Food Photography: Fixing your White Balance in Photoshop
I’ve mentioned how to correct your white balance during your photoshoot in this previous post Food Photography: Correcting your White Balance and today I am going to address some issues you all were having. I received a few emails about what to do if you have already taken the photos and did not have the JCC White Balance Filter I use. I’ve been learning some amazing tips I want to share with you guys too but today’s has been a total LIFESAVER. This one little tool has gotten previously rejected photos from Foodgawker into the accepted pile!
I am just popping in for a quick update today though as I am running around like a crazy person this weekend but I love this tip SO much I wanted to share it even though I was super busy. There is no photography class today, but I am cooking for a client who is having a party of 75 (!!!) and I have thousands of mini bites of food to make!
So let’s get right down to the tip!
Starting with our underexposed image: Panda Express Orange Chicken <– You have to make this dish… trust me. I tried so hard to make this photo look good in my camera but the lighting was just NOT working with me. It was a miserably cloudy/rainy day and I couldn’t amp up my lighting enough.
Enter Photoshop! I am using the Cloud version, so this is the most up to date version of the software. Lets go to the menu and click on “Image”
Then you’re going to click on “Adjustments” and finally “Curves.” You would think there would be a “White Balance” shortcut for dummies like me. When I first started editing I looked high and low for one and came up empty. It wasn’t until a friend showed me this shortcut that I stopped abusing the “Brightness/Contrast” tool.
Okay here we are in the curves window (Seriously Photoshop you couldn’t have given newbies a clue about this tool!?). See those three little droppers? There is a black one, a grey one and a white one. Click on the white one. Now go to your image and this is where you are going to have to play with the data a bit. Look for as close as you can get to a true white and click on it. It may take 10-20 tries, especially the first few times you edit in this way and you’re feeling around for what types of white this tool likes. And here it is just one click later (okay fine, I think it was closer to 5 or 6 tries) but look at the difference. The Orange Chicken looks like it came alive. All the drab coloring from the rainy day is gone, you would think this was getting the benefit of a beautiful day outside.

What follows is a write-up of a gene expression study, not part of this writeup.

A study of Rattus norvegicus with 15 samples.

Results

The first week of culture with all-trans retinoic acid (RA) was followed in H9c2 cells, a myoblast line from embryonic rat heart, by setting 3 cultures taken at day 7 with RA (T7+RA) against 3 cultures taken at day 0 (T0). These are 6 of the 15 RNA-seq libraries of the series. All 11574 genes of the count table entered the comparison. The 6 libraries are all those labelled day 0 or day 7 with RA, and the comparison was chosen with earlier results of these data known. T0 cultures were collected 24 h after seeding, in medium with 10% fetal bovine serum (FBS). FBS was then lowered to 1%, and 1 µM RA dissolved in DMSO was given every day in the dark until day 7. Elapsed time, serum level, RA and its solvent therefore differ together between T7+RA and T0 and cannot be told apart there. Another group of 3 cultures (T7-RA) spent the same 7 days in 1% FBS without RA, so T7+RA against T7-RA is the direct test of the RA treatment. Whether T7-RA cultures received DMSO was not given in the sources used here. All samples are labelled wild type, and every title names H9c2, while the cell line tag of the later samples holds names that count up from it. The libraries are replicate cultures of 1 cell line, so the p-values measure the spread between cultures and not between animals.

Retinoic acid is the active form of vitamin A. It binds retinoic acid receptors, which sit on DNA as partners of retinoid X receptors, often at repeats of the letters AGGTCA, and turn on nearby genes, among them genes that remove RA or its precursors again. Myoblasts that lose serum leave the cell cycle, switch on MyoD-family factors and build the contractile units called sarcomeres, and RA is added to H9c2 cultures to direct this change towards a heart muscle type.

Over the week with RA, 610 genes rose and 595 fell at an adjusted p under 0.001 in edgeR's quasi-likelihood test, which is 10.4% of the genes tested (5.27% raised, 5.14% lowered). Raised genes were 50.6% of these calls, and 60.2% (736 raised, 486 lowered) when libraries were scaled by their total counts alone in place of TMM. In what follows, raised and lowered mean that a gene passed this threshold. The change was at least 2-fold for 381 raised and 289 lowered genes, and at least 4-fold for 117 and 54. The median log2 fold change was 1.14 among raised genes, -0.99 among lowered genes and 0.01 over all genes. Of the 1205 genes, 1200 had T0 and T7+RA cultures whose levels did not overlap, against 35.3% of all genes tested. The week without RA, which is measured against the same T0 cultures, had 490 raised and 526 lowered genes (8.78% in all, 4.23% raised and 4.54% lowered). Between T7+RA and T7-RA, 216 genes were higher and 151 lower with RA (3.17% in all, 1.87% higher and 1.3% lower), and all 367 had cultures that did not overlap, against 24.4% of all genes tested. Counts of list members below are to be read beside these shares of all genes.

Now if you are a seasoned photo editor I am sure you can find a ton of places you could make the picture even better, but for a blogger who is looking for an easy fix to dull lighting, try this out and see if it helps!
PS, one more quick tip for you. If you are clicking around looking for the white that works best you can undo quickly with Control-Alt-Z so you don’t have to use your mouse in the menu to undo. So for example:
Click on white, eww gross, Control-Alt-Z, click on white, eww…etc. Control-Alt-Z is like my best friend in Photoshop. You can play with the tool in just seconds and with just a few quick clicks.
Hope that helps! Now I have to get back to 300+ mini cheesecakes. Wish me luck.